Founded upon the values of the Sisters of Notre Dame de Namur and rooted in the Catholic tradition, Notre Dame de Namur University serves its students and the community by providing excellent professional and liberal arts programs in which community engagement and the values of social justice and global peace are integral to the learning experience. NDNU is a diverse and inclusive learning community that challenges each member to consciously apply values and ethics in his/her personal, professional and public life.
Notre Dame de Namur University will be recognized in the San Francisco Bay Area as a leader in integrating community engagement into high-quality academic programs. NDNU’s programs will be widely known for their innovative synthesis of liberal arts learning, professionally-oriented learning and core values.
Notre Dame de Namur University is the only four-year accredited university in San Mateo County. Founded by the Sisters of Notre Dame de Namur in 1851, NDNU is a private, independent, Catholic, co-educational institution. The 50-acre campus is located in the City of Belmont on the San Francisco Peninsula. The University combines a residential and commuter undergraduate program with evening programs for working adults at both undergraduate and graduate levels. NDNU currently enrolls approximately 2,000 students from 28 states and 23 foreign countries.
The Sisters of Notre Dame de Namur came to the San Francisco Bay Area from their mission schools in Oregon. While visiting the Bay Area, they established an institute of higher learning, College of Notre Dame, in the City of San Jose. Chartered in 1868, it was the first college in the State of California authorized to grant the baccalaureate degree to women.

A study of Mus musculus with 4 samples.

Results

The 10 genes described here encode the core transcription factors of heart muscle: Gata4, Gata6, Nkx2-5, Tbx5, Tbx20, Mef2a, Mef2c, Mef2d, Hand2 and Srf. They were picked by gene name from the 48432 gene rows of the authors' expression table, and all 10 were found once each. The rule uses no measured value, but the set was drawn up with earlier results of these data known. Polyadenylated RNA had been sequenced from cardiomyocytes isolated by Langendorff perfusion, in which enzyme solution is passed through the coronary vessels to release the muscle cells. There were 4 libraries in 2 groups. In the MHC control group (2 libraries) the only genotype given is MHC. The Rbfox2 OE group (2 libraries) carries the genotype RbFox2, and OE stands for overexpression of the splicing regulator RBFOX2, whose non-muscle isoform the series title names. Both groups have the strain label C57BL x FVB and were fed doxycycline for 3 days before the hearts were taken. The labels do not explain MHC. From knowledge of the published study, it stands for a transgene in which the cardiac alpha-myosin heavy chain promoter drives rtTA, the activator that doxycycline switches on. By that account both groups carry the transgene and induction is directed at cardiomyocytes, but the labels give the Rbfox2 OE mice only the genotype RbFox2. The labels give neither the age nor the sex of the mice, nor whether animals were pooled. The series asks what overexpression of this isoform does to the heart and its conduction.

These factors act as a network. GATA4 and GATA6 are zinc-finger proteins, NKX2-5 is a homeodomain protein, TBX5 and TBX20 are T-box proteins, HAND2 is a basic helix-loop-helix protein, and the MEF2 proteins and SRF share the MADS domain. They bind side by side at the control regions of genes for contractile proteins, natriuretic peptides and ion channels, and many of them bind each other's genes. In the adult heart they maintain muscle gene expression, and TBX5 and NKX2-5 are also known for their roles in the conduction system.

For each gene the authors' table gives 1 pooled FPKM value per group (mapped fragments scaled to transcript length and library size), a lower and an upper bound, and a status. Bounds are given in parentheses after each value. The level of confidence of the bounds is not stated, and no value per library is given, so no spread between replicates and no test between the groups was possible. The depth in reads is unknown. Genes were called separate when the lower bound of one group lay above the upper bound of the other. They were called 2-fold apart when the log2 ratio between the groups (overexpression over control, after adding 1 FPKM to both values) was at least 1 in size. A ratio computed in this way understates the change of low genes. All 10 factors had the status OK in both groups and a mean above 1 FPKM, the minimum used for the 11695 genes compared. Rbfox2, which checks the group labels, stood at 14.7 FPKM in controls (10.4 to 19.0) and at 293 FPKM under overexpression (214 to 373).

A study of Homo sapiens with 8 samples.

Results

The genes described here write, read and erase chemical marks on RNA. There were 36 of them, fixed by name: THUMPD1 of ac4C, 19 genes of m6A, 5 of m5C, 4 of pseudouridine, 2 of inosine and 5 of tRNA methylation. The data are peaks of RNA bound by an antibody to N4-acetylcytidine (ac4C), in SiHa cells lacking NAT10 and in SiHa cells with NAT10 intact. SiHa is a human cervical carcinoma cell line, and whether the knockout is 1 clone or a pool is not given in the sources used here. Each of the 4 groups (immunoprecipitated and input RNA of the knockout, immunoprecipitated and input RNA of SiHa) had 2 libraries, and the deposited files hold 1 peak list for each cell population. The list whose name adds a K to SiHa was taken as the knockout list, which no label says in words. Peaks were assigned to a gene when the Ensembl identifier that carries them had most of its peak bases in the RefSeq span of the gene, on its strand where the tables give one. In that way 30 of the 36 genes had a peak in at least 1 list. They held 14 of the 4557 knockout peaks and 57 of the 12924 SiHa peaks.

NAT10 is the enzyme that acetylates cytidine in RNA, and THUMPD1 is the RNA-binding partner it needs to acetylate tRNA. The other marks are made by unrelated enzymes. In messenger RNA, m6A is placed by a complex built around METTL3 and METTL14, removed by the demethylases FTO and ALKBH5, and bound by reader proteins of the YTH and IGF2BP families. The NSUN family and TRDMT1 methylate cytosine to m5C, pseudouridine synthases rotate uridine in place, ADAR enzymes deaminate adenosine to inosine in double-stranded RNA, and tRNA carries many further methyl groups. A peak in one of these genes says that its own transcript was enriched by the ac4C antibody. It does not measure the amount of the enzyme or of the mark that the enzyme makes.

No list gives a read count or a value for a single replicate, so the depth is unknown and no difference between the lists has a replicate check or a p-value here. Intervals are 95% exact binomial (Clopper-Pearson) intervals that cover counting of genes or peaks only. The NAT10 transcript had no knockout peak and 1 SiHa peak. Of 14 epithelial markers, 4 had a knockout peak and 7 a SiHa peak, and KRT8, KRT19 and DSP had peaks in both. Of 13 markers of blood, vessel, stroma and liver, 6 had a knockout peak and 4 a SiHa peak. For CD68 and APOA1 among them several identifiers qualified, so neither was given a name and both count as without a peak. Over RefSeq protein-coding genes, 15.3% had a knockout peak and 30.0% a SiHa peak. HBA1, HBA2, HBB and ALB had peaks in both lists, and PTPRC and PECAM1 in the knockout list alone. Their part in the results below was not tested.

The College soon outgrew its facility in the South Bay and moved to Belmont in 1923. The College purchased Ralston Hall, the country estate of William Chapman Ralston, San Francisco financier and founder of the Bank of California. The Hall became the center of the campus and in recent years has been designated as a California Historical Landmark.
The College became fully co-educational in 1969, started offering master's degrees in 1972, and began the evening degree completion program in 1988. In 2001, the College reorganized into schools and adopted the name “Notre Dame de Namur University” to better reflect its structure and the mix of undergraduate, graduate, liberal arts and professional programs offered.
Notre Dame de Namur University is currently celebrating its 162nd year of service to the community. From its Gold Rush beginnings, the University has grown into a fully accredited institution that offers a broad range of undergraduate degrees, fifth-year credential programs in education, master's degrees in business, education, psychology, English and music, and a variety of related certificate programs.